Saturday, March 24, 2012

6522 VIA Experiment #6

In this last instalment of my series on the 6522 VIA we'll use a little more hardware to show how to generate analog waveforms using a simple digital to analog converter.

You can read all about the theory of digital to analog conversion elsewhere (such as here ). In our example we'll use a simple digital analog converter called a resistor ladder, specifically an R-2R ladder.

All we need is some resistors connected to the digital output pins of one of the 6522 VIA ports. With 8 pins we could make an 8-bit D/A converter, or even a 16-but using both ports, but to simplify the circuit I'll just use a 4-bit ladder. That will require 8 resistors. The basic circuit is shown below.

4 Bit Resistor Ladder
With 4 bits we have 2^4 or 16 possible output values. The analog voltage from the D/A converter is proportional to the value we write, ranging from 0 to 5 volts as we write the values 0 through 15.

I chose to use R = 10K (or 10,000 ohms). I used standard resistor values of 12K and 20K for R and 2R. The four low order pins of the 6522 VIA port A are used. It was quickly wired up on solderless breadboard.
Resistor Ladder Circuit on Breadboard
The code is very simple. We need to set the appropriate pins as output. We repeatedly write out samples from a table in memory. I chose to use a table with 16 samples. We simply loop, writing subsequent table values to the port and repeat when we get to the end of the table.

We can generate various waveforms depending on the values in the table. I chose three common ones. A ramp is a waveform that increases linearly from zero to the maximum value and then repeats. With 16 data samples we simply use the values from 0 to 15. A triangle increases linearly from a minimum value to a maximum value and then decreases linearly back to the minimum. The data samples for this were trivial to choose.

A sine wave is a little trickier. We want to use values corresponding to a sine curve, but we need to scale them to the range of data we have (0 to 15) and round them to integer values. To do this I calculated the values in a spreadsheet. Here are the values in my spreadsheet:

Sample Value        Rounded
0 7.5        7
1 10.3701257427 10
2 12.8033008589 12
3 14.4290964938 14
4 15        15
5 14.4290964938 14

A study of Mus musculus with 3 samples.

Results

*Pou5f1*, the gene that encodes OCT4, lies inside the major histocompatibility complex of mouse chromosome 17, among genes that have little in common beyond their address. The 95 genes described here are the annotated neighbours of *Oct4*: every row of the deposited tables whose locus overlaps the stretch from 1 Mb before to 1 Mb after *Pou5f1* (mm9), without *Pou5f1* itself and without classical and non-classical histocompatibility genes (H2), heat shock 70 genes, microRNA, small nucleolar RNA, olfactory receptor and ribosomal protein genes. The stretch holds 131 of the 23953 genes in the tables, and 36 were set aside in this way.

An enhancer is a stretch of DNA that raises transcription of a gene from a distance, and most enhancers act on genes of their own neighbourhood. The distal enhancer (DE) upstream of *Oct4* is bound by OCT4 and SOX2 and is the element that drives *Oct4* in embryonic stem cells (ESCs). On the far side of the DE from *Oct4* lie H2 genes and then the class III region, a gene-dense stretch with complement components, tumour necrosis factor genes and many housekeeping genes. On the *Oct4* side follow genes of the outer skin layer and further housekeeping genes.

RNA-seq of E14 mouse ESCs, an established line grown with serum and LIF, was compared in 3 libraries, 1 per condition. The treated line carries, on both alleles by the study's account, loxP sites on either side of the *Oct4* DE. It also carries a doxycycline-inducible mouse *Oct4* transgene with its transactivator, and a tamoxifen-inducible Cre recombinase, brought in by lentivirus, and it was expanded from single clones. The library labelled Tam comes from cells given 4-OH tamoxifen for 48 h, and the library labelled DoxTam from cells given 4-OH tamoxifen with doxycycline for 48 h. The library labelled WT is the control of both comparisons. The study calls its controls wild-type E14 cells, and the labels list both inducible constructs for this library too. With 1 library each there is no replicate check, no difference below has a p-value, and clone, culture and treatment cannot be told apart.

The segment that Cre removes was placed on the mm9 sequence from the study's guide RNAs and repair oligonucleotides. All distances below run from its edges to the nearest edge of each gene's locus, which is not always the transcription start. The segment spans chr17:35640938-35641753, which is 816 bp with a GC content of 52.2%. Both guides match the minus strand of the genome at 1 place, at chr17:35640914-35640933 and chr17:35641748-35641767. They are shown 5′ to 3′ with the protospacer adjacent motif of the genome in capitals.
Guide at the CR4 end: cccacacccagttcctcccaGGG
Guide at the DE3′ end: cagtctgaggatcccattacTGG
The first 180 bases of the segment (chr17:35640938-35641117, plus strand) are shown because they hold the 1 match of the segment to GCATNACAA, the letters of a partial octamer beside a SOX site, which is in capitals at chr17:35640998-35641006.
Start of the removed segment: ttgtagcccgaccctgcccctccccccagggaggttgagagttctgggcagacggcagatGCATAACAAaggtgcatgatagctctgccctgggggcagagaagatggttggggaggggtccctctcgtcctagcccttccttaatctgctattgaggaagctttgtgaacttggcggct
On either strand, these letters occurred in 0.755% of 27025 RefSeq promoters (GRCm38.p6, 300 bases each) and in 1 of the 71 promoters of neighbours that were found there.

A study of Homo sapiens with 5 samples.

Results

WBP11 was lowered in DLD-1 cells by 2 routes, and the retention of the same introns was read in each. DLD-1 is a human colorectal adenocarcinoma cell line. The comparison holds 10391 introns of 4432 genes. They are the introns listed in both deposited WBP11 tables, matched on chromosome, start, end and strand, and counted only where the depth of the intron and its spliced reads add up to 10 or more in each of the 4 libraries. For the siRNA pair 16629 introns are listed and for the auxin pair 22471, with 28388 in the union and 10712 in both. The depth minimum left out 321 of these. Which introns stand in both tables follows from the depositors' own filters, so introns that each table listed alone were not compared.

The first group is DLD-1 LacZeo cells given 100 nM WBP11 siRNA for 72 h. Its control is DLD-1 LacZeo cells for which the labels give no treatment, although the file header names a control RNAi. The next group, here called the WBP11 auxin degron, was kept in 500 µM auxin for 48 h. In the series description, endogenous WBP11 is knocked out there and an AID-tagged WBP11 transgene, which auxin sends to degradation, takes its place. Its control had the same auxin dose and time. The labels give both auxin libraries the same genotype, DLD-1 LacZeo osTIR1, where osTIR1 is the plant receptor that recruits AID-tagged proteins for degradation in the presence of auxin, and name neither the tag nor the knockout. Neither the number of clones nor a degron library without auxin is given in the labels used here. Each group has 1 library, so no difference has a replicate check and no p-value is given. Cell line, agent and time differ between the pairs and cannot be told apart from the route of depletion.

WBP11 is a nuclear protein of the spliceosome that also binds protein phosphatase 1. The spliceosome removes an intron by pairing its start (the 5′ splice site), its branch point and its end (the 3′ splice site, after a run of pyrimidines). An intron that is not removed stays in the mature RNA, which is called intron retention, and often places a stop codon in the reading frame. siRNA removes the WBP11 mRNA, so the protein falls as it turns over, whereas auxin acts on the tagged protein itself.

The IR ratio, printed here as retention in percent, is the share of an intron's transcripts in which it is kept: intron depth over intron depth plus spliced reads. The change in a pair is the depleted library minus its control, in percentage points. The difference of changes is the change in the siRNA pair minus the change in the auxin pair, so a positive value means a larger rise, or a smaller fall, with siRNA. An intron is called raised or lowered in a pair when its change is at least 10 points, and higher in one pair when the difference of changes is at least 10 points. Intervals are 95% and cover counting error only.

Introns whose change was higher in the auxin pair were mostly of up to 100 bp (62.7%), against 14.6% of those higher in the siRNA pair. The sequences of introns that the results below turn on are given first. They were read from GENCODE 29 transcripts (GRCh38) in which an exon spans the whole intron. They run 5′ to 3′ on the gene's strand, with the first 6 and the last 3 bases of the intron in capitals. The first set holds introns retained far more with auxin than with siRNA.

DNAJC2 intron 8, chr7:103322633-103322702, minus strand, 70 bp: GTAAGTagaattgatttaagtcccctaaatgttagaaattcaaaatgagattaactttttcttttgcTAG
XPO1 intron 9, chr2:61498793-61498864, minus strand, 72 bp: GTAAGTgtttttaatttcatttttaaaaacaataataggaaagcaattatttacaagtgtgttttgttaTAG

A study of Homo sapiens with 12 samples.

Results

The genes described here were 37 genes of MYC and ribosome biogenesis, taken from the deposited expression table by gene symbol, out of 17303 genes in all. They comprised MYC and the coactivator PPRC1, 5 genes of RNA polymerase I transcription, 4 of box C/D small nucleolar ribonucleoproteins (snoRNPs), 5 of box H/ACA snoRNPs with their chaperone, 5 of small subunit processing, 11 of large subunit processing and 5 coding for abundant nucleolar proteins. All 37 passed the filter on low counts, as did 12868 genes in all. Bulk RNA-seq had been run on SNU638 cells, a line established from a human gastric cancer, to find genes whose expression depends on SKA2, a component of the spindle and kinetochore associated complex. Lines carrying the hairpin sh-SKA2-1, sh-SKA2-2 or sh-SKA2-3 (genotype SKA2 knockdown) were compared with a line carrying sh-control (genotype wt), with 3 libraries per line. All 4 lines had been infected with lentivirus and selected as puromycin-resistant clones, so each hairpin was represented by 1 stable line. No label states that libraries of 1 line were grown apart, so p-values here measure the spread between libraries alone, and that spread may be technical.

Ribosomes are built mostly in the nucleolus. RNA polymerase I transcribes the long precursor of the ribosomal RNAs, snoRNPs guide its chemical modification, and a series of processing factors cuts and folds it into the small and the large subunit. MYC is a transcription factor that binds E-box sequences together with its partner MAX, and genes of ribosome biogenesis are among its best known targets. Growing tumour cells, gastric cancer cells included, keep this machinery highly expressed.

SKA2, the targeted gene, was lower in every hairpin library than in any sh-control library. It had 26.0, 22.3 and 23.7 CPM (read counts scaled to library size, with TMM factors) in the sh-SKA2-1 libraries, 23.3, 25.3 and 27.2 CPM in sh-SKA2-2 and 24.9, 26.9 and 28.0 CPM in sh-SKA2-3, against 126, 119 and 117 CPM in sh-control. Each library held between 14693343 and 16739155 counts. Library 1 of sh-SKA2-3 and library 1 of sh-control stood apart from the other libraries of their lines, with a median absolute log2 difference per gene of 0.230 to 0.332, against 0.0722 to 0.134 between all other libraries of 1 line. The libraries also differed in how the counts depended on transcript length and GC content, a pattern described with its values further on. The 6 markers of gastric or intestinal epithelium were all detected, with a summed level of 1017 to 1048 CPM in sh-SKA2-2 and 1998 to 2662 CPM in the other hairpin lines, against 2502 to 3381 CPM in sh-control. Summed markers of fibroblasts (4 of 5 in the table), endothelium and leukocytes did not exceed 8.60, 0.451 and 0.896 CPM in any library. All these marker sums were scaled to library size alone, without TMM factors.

6 12.8033008589 12
7 10.3701257427 10
8 7.5        7
9 4.6298742573 4
10 2.1966991411 2
11 0.5709035062 0
12 0        0
13 0.5709035062 0
14 2.1966991411 2
15 4.6298742573 4

The formula for the values was 7.5*SIN(2*PI() * n/16) + 15/2 where n is the sample number. The rounded values are the integer value of these (i.e. the INT() function).

Here is the entire code:
       .include ""
       SAMPLES = 16    ; Number of samples in table
       LDA #001111  ; Set low 4 bits of port A to all outputs
       STA DDRA
       LDX #0
       LDA SINE,X      ; Get value. Select SINE, RAMP, or TRIANGLE
       STA PORTA       ; Write to port
       NOP             ; Can add more NOPS to slow down frequency
       INX             ; increment index
       CPX #SAMPLES    ; are we at end?
       BNE LOOP        ; if not, continue
       JMP START       ; otherwise restart
; Sine values calculated using spreadsheet
       .byte 7,10,12,14,15,14,12,10,7,4,2,0,0,0,2,4
       .byte 0,1,2,3,4,5,6,7,8,9,10,11,12,13,14,15
       .byte 0,2,4,6,8,10,12,14,15,14,12,10,8,6,4,2

You can select which waveform to generate by changing the line

       LDA SINE,X      ; Get value. Select SINE, RAMP, or TRIANGLE

to use the appropriate table.

With a 2MHz CPU clock I measured a sine wave of 7.245 KHz. Below you can see the three waveforms displayed on an oscilloscope.

Sine Wave

Ramp Wave

Triangle Wave

How could we extend this further? With more D/A bits we could generate more accurate waveforms. 8-bits is pretty good. CD audio uses 16-bits, which we could do with both VIA ports but we likely couldn't get it running at the 44KHz rate that CD audio uses and we'd quickly run out of memory to store the samples.

You can imagine using this scheme for generating simple sounds. To drive a real device you'd want to add some buffering using an Op Amp or similar. You could then drive amplified speakers, for example.

The code takes all the CPU resources. It could be made interrupt driven, as in the previous article in this series. However, any significant sample rate would take a lot of CPU resources even if run interrupt driven.

I hope you enjoyed this series on the 6522 VIA. There are other features of the 6522 VIA chip, such as the shift register, that we did not explore. I encourage you to study the data sheet and see what applications you can come up with.

I appreciate any feedback on this series and I'd like to hear if you tried any of these experiments yourself.

The source code and Woz monitor binaries for this series can all be found here.

1 comment:

Chris Torrence said...

Hey Jeff,
I really enjoyed your series on 6522 VIA experiments. I just built a 6522 prototype board for my Apple //e, and I was able to easily adapt your code and try out all of the experiments. Thanks!